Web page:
The coronavirus pandemic will eventually pass, whether it is because of a breakthrough treatment, a new vaccine or that enough of the population will have been infected.
So working from home will not last forever, and eventually office life will resume.
But experts warn that there will be permanent changes likely in the way we interact with colleagues at work.
“It’s fair to ask whether communal workspaces might be a thing of the past,” associate professor Rachel Morrison from the Auckland University of Technology wrote on The Conversation.
“Even if some organisations can operate with minimal risk there will be an expectation they provide virus-free workplaces, should there be future outbreaks.”
This is especially true because of the trend in recent decades towards open plan offices. There are not many physical barriers to stop disease from spreading in such an environment.
Office design changes
There is already a company in the Netherlands designing ‘6 feet offices’ that have workstations spaced to maintain social distancing, according to Morrison.
“We may even see the return of the high-walled cubicle, and the introduction of wide corridors and one-way foot traffic, already found in some hospitals,” she said.
“Activity-based work and hot-desks (which oblige people to move throughout the day) could be replaced by assigned desk arrangements where workers sit back to back.”
Other physical changes could include technology like voice-activated lifts and doors, as well as touchless bathroom sinks and soap dispensers. UV lights can disinfect surfaces after hours.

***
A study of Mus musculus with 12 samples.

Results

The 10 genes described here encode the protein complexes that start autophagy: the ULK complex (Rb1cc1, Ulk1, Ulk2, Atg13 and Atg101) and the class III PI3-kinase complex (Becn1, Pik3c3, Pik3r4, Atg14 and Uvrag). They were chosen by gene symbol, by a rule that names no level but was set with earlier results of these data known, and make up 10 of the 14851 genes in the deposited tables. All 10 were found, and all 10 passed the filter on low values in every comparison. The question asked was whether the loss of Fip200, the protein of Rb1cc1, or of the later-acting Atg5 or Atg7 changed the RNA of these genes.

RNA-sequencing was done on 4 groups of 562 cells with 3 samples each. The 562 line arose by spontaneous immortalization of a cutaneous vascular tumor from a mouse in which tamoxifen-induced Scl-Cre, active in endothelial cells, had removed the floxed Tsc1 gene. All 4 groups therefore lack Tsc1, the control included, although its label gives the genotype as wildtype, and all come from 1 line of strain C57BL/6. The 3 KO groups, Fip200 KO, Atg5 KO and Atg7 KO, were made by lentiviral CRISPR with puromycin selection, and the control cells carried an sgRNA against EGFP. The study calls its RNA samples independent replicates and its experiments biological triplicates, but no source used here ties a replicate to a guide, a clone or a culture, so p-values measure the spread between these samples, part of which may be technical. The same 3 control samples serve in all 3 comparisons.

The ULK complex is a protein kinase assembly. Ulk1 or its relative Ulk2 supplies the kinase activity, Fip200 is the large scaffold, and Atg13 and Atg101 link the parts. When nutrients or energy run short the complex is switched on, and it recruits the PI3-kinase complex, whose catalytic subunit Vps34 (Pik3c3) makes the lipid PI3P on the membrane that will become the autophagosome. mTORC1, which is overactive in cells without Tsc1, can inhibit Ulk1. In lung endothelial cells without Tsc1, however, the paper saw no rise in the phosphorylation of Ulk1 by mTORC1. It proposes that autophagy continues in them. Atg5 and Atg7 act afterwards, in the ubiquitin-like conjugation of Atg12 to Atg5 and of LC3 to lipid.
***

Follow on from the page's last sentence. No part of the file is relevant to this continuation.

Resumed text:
Office behaviour changes
But the biggest adjustments will lay with the changes required of people.
"New norms of hand sanitising, cleaning equipment and wearing masks will emerge," Morrison said.
"Handshaking or friendly pecks on the cheek may soon be things of the past, as will family photos and mementos on desks, if they prove too difficult to sanitise."
The proportion of staff working from home will likely increase, as employers find staggering office attendance necessary to maintain social distancing.
"Staggered shifts, enforced flexitime, and 24/7 operations may become the norm, along with working remotely."
Hot desking, which is another emerging trend alongside open plan offices, may well see a decline.
"In the past, hot desking has usually required you to plug in your own computer each day, but things like keyboards and the mouse are shared," Ray White Commercial head of research Vanessa Rader told Nine.
"But where it continues, companies may have to ensure each staff member has their own keyboard and mouse, rather than sharing."
And sadly, business travel could become obsolete after the COVID-19 epidemic.
"There are a few things, like business trips, that I doubt will ever go back," Microsoft co-founder Bill Gates said in a recent podcast.
US travel industry expert Gary Leff wrote on his blog last week that the criteria for corporate trips will tighten.
"We can expect fewer ‘must do’ business trips in the future, since videoconferencing is becoming more of an accepted alternative to many meetings that would have been done in person," he wrote.
"While the normalisation of videoconferencing makes us more location-independent, it also means fewer ‘pay any price’ last minute trips."